I’m often asked this 1000 dollar question. With a light touch of smile. What makes my training system so outstandingly different from the others?
I feel that now its time to put it straight and simple. I’ll try to picture it from the point of my own experience.
Three double faults
Let’s say I’m on tennis court. Serving a third double fault. Previously I would try to help the situation with strong energising words. I would use swapping my negative thoughts with positive vibes. I would do visualising, changing strategy, tactics and so on. My experience showed that the effectiveness of this “thought mastery” is not good enough.
One pointed attention
Over time I came to the conclusion that the only thing that really works for me is holding one pointed attention in Hara point, with roots in Samurai tradition. An error could be equal to death for a Samurai. I learned to execute all my strokes with “one-pointed” attention, also called “stillness in action”. I now can be 100% sure that it will provide me with best possible performance I’m capable of at this particular moment and place.
And if I want to bring it further to the extent where It actually never fails? Well, I have my lifetime to train.
Curiosity killed the cat
My own practice saved me from lots of trouble. And furthermore – it connected me with the innermost joy of live action. Full presence on tennis court or musical stage performance. Staying calm and breathing slow during acute everyday life situations. Fully immersing in intimacy. Built-in curiosity of my engineering background has over time stregthened me mentally by understanding physiology of breathing. Over time I learned how – and why. I enjoy neutrality og “just playing” and the absence of ego-based aggression.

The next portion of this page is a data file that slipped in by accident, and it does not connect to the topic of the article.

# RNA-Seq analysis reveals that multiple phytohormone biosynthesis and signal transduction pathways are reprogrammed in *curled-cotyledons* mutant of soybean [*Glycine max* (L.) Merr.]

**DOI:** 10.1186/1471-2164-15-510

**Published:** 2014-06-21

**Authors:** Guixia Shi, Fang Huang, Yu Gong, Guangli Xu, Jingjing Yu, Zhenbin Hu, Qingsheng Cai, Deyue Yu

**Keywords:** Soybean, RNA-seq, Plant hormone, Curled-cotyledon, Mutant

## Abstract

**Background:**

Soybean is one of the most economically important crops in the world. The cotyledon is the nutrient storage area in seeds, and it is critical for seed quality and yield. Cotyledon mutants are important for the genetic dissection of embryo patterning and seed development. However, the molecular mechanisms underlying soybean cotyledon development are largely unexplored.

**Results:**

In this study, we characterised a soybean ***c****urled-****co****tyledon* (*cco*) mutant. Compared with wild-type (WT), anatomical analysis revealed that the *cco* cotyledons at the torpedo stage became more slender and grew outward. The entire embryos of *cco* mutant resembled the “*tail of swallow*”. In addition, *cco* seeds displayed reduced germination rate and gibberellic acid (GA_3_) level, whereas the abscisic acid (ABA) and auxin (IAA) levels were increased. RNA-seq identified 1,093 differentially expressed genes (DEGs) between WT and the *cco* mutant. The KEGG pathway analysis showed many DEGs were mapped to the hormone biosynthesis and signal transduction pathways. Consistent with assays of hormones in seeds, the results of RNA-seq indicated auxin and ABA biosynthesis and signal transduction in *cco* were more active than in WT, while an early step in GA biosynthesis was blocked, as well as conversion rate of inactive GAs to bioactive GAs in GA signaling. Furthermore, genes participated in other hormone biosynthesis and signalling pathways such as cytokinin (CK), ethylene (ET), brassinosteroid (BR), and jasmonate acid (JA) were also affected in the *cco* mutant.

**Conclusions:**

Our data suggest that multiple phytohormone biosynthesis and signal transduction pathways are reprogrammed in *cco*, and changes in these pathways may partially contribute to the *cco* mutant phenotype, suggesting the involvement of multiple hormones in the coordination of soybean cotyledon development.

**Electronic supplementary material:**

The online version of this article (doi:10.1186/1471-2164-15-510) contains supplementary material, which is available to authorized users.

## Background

When you are not aware that you are breathing
– you are in your ego.
I’m an engineer, so the simplified mechanics of this are as follows. My attention or my focus goes nowhere else than to my belly – more exactly the Hara point. My training has overtime made this place to a kind of control center unifying all ressources of my body – both physiological and mental.
Mind following the body
Physiological because Hara lays in a point where particular muscles have direct and effective interconnection with all the main body systems. The most important of them for optimal breathing being the diafragm and the psoas muscles.
Mental because focusing on the Hara point enables sensing instead of thinking. My own experience of practicing Ki-Kaizen suggests that these two modes of being can not coexist in the same moment.
Sensing and thinking can not coexist
in the same moment.
Do you have any personal experience on breathing awareness? Please feel free to comment and share!
Misha Sakharoff, Ki-Kaizen instructor
International Assosiation of Buteyko educators: http://www.buteykoeducators.org/europemiddle-east.html#dk
My burning interest in human physiology is rooted in far-different areas of expertise such as martial arts, music and long professional career. My core competency lies in the combination of physiological knowledge regarding stress mechanisms and their close relationship with respiration, muscular tension and body balance.